Onset of type 2 diabetes at younger ages appeared to play a role in the risk for dementia, according to results from a longitudinal cohort study published in JAMA.
Previous research has shown that diabetes is a risk factor for dementia only in later life —at 65 years and older — according to Archana Singh-Manoux, PhD, a principal investigator who heads the epidemiology of aging and neurodegenerative diseases team at the University of Paris.
“We were surprised by this conclusion and wanted to know the true impact of diabetes, given No. 1: the increase in prevalence of diabetes and the increasingly younger age of onset of diabetes, and No. 2: the increase in life expectancy implies that more people reach old age, including those with diabetes,” according to Singh-Manoux .
The researchers analyzed data from 10,095 residents in the United Kingdom who had six clinical exams between 1991 and 2016 and electronic health records data spanning through at least March 2019. The participants were aged 35 to 55 years between 1985 and 1988, and 67.3% of them were men.
Singh-Manoux and colleagues reported that 1,710 cases of diabetes and 639 cases of dementia were recorded over a median follow-up of 31.7 years. The dementia rates per 1,000 person-years was 8.9 among those who did not have diabetes at age 70 years, 10 among those with diabetes onset up to 5 years earlier, 13 among those with diabetes onset 6 to 10 years earlier and 18.3 among those with diabetes onset more than 10 years earlier.
In a multivariable-adjusted analysis, compared with participants who did not have diabetes at age 70 years, the HR of dementia among participants with diabetes onset more than 10 years earlier was 2.12 (95% CI, 1.5-3), 1.49 (95% CI, 0.95-2.32) for those with diabetes onset 6 to 10 years earlier and 1.11 (95% CI, 0.7-1.76) for those with diabetes onset 5 years earlier or less. At age 70 years, every 5-year younger age at onset of type 2 diabetes was significantly associated with an HR of dementia of 1.24 (95% CI, 1.06-1.46), after the researchers adjusted for sociodemographic factors, health behaviors and health-related measures.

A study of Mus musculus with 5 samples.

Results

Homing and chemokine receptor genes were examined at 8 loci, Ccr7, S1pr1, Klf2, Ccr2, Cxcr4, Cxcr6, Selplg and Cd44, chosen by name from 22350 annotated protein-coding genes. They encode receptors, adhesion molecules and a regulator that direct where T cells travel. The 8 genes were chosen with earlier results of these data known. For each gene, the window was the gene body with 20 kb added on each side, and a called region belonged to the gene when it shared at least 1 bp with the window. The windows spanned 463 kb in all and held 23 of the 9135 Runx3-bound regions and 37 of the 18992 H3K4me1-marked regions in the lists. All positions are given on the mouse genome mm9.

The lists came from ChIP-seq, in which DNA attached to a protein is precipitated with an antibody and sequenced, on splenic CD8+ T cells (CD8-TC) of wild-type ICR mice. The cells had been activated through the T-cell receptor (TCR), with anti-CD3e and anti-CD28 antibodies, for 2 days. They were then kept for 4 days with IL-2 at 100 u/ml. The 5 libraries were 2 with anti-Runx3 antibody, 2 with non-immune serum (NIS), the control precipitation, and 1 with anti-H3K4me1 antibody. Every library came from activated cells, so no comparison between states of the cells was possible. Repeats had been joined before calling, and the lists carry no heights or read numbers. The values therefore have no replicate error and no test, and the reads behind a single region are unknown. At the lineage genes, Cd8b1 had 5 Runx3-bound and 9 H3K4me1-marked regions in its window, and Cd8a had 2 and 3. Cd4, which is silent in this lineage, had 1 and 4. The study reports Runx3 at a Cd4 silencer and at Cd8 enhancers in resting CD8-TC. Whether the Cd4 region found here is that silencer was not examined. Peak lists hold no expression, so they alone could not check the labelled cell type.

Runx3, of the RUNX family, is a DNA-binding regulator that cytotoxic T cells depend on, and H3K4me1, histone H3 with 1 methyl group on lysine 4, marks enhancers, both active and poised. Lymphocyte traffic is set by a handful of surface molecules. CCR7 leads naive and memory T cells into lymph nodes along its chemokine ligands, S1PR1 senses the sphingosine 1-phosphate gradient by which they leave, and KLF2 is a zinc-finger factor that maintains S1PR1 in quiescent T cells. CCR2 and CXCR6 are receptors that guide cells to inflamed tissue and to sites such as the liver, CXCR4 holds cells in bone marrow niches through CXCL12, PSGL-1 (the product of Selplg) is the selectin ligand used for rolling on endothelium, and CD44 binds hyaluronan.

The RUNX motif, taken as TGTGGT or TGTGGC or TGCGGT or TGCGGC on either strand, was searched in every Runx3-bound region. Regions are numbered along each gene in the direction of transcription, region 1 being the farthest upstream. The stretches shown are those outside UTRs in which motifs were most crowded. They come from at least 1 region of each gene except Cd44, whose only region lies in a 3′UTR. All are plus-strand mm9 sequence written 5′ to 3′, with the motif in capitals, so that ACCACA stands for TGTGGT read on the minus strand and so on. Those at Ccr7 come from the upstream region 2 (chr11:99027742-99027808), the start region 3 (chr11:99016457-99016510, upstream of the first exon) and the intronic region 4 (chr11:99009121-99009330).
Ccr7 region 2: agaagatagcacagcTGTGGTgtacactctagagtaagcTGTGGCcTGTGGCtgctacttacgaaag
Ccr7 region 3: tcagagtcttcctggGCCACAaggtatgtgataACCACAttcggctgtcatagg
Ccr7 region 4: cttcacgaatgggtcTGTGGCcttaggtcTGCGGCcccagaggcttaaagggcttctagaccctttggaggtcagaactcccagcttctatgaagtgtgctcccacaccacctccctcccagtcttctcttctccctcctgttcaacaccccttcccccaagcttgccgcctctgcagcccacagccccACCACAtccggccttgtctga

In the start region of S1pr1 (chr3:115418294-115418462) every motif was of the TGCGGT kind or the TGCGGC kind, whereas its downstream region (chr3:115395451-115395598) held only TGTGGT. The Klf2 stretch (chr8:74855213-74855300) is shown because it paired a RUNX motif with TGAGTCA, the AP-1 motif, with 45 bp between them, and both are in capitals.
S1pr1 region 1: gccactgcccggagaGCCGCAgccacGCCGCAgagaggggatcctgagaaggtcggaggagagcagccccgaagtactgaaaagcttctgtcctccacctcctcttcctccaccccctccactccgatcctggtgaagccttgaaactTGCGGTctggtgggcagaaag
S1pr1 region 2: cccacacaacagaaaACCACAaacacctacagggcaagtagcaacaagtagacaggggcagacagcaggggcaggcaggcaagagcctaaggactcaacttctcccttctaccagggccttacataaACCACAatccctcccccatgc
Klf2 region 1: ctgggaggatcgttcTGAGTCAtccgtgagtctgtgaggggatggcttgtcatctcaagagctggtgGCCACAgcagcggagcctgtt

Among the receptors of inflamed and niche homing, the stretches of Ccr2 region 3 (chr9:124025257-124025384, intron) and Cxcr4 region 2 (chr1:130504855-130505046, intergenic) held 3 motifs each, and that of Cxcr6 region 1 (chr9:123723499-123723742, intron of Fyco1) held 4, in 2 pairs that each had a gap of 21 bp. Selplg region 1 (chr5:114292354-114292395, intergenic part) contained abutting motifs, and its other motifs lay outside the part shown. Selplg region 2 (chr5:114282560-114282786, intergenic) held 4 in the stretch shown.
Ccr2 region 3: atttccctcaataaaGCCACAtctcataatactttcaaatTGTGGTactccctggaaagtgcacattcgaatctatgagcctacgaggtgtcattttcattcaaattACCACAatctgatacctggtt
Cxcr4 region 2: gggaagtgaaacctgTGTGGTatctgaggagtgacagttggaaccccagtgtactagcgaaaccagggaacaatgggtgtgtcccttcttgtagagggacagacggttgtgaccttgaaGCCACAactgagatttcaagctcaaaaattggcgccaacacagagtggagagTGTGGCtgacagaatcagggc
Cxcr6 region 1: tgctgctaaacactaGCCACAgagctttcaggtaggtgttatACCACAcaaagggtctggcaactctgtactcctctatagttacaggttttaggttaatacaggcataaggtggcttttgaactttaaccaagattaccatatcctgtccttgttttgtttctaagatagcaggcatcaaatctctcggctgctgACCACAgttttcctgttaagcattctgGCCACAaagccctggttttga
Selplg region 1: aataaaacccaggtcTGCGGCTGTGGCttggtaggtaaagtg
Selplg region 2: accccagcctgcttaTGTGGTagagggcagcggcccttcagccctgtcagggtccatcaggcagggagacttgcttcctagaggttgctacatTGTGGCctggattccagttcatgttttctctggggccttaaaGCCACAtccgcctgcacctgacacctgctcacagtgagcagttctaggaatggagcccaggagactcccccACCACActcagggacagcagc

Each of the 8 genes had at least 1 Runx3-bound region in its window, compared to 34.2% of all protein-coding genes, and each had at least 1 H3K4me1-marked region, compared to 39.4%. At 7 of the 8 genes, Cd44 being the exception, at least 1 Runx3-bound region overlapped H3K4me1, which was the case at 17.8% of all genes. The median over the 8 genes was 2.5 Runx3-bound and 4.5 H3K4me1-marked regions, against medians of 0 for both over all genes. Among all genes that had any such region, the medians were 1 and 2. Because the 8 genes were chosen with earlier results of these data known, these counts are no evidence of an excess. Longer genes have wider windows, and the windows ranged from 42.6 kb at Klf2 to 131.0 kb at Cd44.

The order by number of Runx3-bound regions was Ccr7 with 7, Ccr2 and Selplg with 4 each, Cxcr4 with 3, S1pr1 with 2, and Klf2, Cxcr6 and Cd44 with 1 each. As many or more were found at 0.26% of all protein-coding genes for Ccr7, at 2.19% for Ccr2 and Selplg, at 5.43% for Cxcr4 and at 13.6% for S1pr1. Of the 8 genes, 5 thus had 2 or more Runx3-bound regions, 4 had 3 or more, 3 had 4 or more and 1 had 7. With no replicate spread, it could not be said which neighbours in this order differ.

In this longitudinal cohort study with a median follow-up of 31.7 years, younger age at onset of diabetes was significantly associated with higher risk of subsequent dementia. “The findings are not surprising as younger age at onset of diabetes is known to be associated with higher risk of cardiovascular disease and premature mortality. There is no reason to expect this not to be the case for neurocognitive outcomes,” Singh-Manoux said. “However, most research on dementia is based on older adults, so the age at onset of diabetes is unknown in these studies.”
The findings also add another dimension to the importance of diabetes prevention, according to Singh-Manoux.